It's been almost 4 months since I posted on my blog. It's also been four months since I took a lot of old posts down. At times, it feels like 2016 didn't even happen on my blog. I can give you many reasons on why I've disappeared: stress from planning a wedding, learning a new job, the holidays, writing something new, etc. And though those are legitimate reasons for taking a hiatus from my blog, it's not entirely true.
The truth is, I've been afraid. My life kept getting busier and busier, and I was afraid that I'd never be able to write anything of quality again. They say that comparison is the thief of happiness, and I found myself doing that a lot. While everyone seemed to be headed somewhere, I felt like I was in the same place, but with a different scenery.
When I confided in others about this fear, they all told me to slow down, take a deep breath, and then they would offer me the same excuses I gave myself. "Relax, you have a wedding to plan. That's a lot of pressure. You just started a new job, it takes a while to learn it and feel comfortable. You've written three drafts in this year alone. You've accomplished a lot."
But I didn't feel like I had. Though I was getting things scratched off my checklist, I found myself getting farther from my own personal goals and from myself. It's as if I went on auto-pilot to get things done, instead of paying attention to the things that mattered.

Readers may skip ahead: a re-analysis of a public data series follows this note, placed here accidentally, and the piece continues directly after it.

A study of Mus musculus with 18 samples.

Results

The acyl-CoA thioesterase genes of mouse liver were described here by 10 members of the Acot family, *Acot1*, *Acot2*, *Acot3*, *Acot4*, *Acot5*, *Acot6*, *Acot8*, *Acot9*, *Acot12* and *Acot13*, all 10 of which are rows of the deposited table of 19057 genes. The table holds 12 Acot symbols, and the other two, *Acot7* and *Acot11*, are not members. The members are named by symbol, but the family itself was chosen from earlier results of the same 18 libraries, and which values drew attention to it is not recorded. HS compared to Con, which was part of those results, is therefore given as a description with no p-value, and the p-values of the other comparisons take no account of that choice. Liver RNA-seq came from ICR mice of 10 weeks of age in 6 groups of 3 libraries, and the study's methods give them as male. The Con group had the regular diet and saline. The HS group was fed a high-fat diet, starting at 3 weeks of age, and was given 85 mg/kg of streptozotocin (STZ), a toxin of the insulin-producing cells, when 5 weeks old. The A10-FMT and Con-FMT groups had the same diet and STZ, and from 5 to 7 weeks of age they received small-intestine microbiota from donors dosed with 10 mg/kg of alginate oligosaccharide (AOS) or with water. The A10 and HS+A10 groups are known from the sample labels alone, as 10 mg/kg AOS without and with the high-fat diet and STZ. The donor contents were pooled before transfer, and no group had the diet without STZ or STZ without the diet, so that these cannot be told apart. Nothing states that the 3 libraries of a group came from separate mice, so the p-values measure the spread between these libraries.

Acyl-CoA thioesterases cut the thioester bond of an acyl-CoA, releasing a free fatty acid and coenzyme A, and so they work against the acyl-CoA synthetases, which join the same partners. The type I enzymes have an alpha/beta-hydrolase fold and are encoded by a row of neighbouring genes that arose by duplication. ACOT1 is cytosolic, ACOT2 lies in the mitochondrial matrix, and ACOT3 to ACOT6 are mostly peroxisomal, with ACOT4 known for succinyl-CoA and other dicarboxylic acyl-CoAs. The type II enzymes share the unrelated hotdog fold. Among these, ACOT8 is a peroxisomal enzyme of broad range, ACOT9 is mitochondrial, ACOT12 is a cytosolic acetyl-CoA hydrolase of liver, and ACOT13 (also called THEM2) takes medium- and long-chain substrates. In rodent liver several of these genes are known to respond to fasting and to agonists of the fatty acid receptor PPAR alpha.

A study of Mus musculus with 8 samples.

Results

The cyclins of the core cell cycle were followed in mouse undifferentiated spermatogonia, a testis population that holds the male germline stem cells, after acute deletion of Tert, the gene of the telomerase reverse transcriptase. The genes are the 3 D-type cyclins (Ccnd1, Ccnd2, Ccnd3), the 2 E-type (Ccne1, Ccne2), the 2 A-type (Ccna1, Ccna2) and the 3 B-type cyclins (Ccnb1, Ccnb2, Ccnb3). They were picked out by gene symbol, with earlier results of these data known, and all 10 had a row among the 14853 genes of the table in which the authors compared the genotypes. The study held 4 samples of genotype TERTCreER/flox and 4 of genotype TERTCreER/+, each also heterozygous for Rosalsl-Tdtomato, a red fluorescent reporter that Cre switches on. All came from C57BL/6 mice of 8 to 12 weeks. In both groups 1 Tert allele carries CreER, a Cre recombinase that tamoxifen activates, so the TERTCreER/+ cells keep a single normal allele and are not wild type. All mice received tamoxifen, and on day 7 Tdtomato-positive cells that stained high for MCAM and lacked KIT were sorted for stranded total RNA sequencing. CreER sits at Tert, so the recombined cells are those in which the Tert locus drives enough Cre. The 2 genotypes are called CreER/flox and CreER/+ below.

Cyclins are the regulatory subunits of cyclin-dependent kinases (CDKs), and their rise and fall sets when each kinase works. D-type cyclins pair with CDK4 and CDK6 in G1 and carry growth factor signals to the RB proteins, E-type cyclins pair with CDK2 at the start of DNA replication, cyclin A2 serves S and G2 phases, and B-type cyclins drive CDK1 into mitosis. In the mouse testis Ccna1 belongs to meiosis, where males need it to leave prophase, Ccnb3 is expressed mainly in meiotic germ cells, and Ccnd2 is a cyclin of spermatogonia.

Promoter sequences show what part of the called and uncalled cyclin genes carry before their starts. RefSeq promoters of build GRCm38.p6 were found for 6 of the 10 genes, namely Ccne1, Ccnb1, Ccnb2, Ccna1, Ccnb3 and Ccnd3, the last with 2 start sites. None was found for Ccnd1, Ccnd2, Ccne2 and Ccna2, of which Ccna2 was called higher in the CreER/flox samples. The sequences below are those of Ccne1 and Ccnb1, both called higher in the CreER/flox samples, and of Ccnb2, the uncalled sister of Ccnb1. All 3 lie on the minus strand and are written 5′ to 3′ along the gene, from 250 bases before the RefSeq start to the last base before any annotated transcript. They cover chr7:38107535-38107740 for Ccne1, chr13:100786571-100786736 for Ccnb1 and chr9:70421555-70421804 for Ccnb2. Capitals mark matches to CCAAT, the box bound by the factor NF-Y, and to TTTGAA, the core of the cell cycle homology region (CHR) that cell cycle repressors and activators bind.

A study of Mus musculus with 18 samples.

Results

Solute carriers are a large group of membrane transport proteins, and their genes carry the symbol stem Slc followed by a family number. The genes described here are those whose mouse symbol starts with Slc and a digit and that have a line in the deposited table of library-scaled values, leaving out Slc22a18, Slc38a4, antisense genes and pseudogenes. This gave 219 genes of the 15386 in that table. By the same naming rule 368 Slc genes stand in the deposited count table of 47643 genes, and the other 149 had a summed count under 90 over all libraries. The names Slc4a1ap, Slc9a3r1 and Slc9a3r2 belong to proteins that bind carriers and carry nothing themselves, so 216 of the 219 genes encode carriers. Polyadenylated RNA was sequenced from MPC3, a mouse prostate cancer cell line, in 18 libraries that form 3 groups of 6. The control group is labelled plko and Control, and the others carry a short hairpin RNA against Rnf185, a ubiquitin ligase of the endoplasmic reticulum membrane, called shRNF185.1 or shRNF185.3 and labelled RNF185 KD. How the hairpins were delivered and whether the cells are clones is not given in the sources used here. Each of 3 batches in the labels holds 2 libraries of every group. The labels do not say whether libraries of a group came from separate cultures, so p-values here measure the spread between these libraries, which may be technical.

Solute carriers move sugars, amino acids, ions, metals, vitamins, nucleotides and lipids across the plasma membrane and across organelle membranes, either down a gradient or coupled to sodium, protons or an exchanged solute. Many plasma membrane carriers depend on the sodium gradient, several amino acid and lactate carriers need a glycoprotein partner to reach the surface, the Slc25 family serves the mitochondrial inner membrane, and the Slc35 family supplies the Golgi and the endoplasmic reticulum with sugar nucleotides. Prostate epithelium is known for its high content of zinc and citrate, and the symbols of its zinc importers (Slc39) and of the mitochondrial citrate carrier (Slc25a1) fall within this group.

All of a sudden, I stopped blogging, stopped journaling, took a break from writing--things that I loved. Why was I doing that? This was the time where I needed it the most.
Because I was afraid.
I was afraid of blogging about all of this, because I didn't feel like it was important. To me or to readers. And also, I was afraid of what people would think of me.
I was afraid of journaling, because I didn't want to waste time when I could be getting things done on my checklist. Even though I know now, that journaling is never a waste of time.
I was afraid of writing, because I'd lost my voice. I didn't know what I wanted to say in my stories, and because of that, my stories suffered for it as I wrote myself into frustrating circles.
I was paralyzed by my own fear.
Instead of facing this problem, I dusted it under the rug and let everything else, the wedding, work, etc, become my priority. But I was never happy doing only that because I felt stuck. At a standstill. Trapped.
Once the wedding was over, once I got over the learning curve of the new job and things started to slow down, I was faced with all these fears I had ignored.
A good CP of mine told me that sometimes fear can be a good thing. It let's us know that we're doing something worthwhile because we care. Instead of letting fear be a road block to where we want to go, we should climb over fear, and let it elevate our potential and our stories.
Once I embraced fear for what it was, I was able to look past it and see a solution. It took me a long while, but it was a huge weight lifted off my shoulders. It was as if I'd finally found the power-off button on the auto-pilot suit I was wearing and was able to step back into me.
So, the point of this post? Don't be afraid of your own fear. This doesn't apply to just writing, but life in general. Face your fears, and then do something about it. It's better than doing nothing at all.